Veteran Hong Kong investors take advantage of recovery in non-residential property sector to exit holdings

·3-min read

Veteran Hong Kong property investors with large portfolios are taking advantage of a recovery in the non-residential market to exit holdings bought decades ago, either for debt reduction or profit taking.

The family of Tang Shing-bor, who died in May and was known as the “shop king”, is selling 39 properties worth about HK$4.7 billion (US$604 million), while Lam Hiu-ngai, the founder of Kai Bo Food Supermarket, has separately put 21 properties up for sale.

People were aware that Tang’s family was “facing financial difficulties. They need to sell shops to reduce their debt,” said Edwin Lee, founder and CEO of Bridgeway Prime Shop Fund Management.


Tang’s family has already offloaded at least 42 properties worth about HK$9.6 billion since mid-May, according to a list compiled by Centaline Commercial. This excludes the reported sale of a shop in Causeway Bay at a loss of about HK$35 million this month.

A whole block of the East Asia Industrial Building in Tuen Mun is among the most expensive properties that the Tang family has sold so far. Photo: Handout
A whole block of the East Asia Industrial Building in Tuen Mun is among the most expensive properties that the Tang family has sold so far. Photo: Handout

It has, however, narrowed the possible discounts for properties it is selling currently compared to previous offers amid improving sentiment and smooth sales – from a possible 15 per cent to about 10 per cent – said Joe Ma, marketing manager of shops at Centaline Commercial.

Amid expectations that the border with mainland China will be reopened imminently, “the group is very confident about the Hong Kong real estate market. So it organised a list of properties for sale at good prices,” said a spokeswoman for Stan Group, which is chaired by Stan Tang, Tang Shing-bor’s son. The company “has been actively approached by many investors”.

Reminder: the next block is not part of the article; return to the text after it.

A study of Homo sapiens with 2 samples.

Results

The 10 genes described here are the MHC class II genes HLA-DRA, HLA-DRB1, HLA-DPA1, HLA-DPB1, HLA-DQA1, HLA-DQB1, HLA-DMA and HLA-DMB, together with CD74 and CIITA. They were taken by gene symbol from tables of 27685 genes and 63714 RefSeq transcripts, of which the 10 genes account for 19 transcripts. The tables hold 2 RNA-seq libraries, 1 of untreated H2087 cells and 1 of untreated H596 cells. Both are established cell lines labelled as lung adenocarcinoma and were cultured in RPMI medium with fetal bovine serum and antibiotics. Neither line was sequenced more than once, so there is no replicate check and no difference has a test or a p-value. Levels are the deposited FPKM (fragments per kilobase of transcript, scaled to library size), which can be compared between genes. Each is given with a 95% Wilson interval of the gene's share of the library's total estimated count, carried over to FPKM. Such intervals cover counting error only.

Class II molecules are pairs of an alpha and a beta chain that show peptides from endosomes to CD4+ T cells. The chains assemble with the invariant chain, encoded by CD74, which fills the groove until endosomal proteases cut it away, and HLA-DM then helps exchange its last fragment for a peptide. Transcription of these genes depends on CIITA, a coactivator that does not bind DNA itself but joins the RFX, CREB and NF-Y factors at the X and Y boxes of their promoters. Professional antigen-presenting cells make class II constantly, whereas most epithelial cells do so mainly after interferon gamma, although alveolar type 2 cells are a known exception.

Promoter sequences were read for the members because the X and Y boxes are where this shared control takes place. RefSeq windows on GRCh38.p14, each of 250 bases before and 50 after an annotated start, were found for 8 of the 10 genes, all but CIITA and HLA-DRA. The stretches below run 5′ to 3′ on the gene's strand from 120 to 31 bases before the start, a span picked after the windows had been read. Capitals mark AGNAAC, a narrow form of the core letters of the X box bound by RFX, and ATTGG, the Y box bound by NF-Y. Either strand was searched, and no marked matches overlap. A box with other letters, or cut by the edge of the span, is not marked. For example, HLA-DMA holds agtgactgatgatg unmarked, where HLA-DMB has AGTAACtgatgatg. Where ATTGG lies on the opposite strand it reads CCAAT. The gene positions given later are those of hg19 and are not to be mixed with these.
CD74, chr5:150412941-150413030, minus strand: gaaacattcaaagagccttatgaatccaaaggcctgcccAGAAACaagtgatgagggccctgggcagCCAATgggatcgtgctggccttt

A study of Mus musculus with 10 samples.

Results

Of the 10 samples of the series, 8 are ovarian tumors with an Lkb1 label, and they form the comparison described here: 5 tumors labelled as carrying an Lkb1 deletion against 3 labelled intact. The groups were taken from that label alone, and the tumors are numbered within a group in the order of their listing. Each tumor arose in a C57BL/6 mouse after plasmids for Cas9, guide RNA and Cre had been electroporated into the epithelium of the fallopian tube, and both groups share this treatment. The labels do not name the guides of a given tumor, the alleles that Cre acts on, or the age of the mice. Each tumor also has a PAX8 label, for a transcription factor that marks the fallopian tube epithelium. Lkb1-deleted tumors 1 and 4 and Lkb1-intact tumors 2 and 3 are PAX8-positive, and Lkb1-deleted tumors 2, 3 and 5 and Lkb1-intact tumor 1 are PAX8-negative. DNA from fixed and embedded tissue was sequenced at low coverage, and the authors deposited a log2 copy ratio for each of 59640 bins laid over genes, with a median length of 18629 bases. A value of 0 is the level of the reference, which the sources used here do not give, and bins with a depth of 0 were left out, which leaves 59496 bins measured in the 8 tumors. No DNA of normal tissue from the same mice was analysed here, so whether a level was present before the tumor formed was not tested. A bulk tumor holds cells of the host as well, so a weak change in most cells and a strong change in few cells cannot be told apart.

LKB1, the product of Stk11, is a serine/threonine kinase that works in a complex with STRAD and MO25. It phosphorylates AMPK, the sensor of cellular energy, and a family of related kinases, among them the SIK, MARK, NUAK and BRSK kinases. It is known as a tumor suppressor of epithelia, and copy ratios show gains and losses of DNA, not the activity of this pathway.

The company has “a number of high-quality properties covering the city centre and the Tuen Ma Line, which has great development potential,” the spokeswoman said, adding that sentiment in the Hong Kong industrial and commercial property market was gradually improving.

The properties Tang’s family is selling range from en bloc properties, shops, offices and parking spaces to hotels. Among the 39 properties it is selling, which are scattered across the city, 33 are priced.

Among the most expensive properties that the family has sold in the last four months would be a whole block of the East Asia Industrial Building in Tuen Mun, which sold for HK$2.2 billion in late June.

Most properties that Kai Bo Food’s Lam is selling are shops. The most expensive of these is a 4,064 sq ft home in Valais in Sheung Shui, for which he is asking HK$145.2 million.

The Kai Bo Group Centre in Kwai Chung. Photo: Handout
The Kai Bo Group Centre in Kwai Chung. Photo: Handout

Lam did not respond to requests for comment. Among the properties his companies have sold so far, the most expensive is likely to be its headquarters, Kai Bo Group Centre in Kwai Chung, which went for HK$1.4 billion in April.

Elsewhere, Pan Sutong, the chairman of troubled developer Goldin Financial Holdings, resigned from Propway Limited, a company that holds the site of a luxury home on Deep Water Bay Road, last month. This suggests he sold that site. In May, the tycoon was reportedly in talks to sell the site.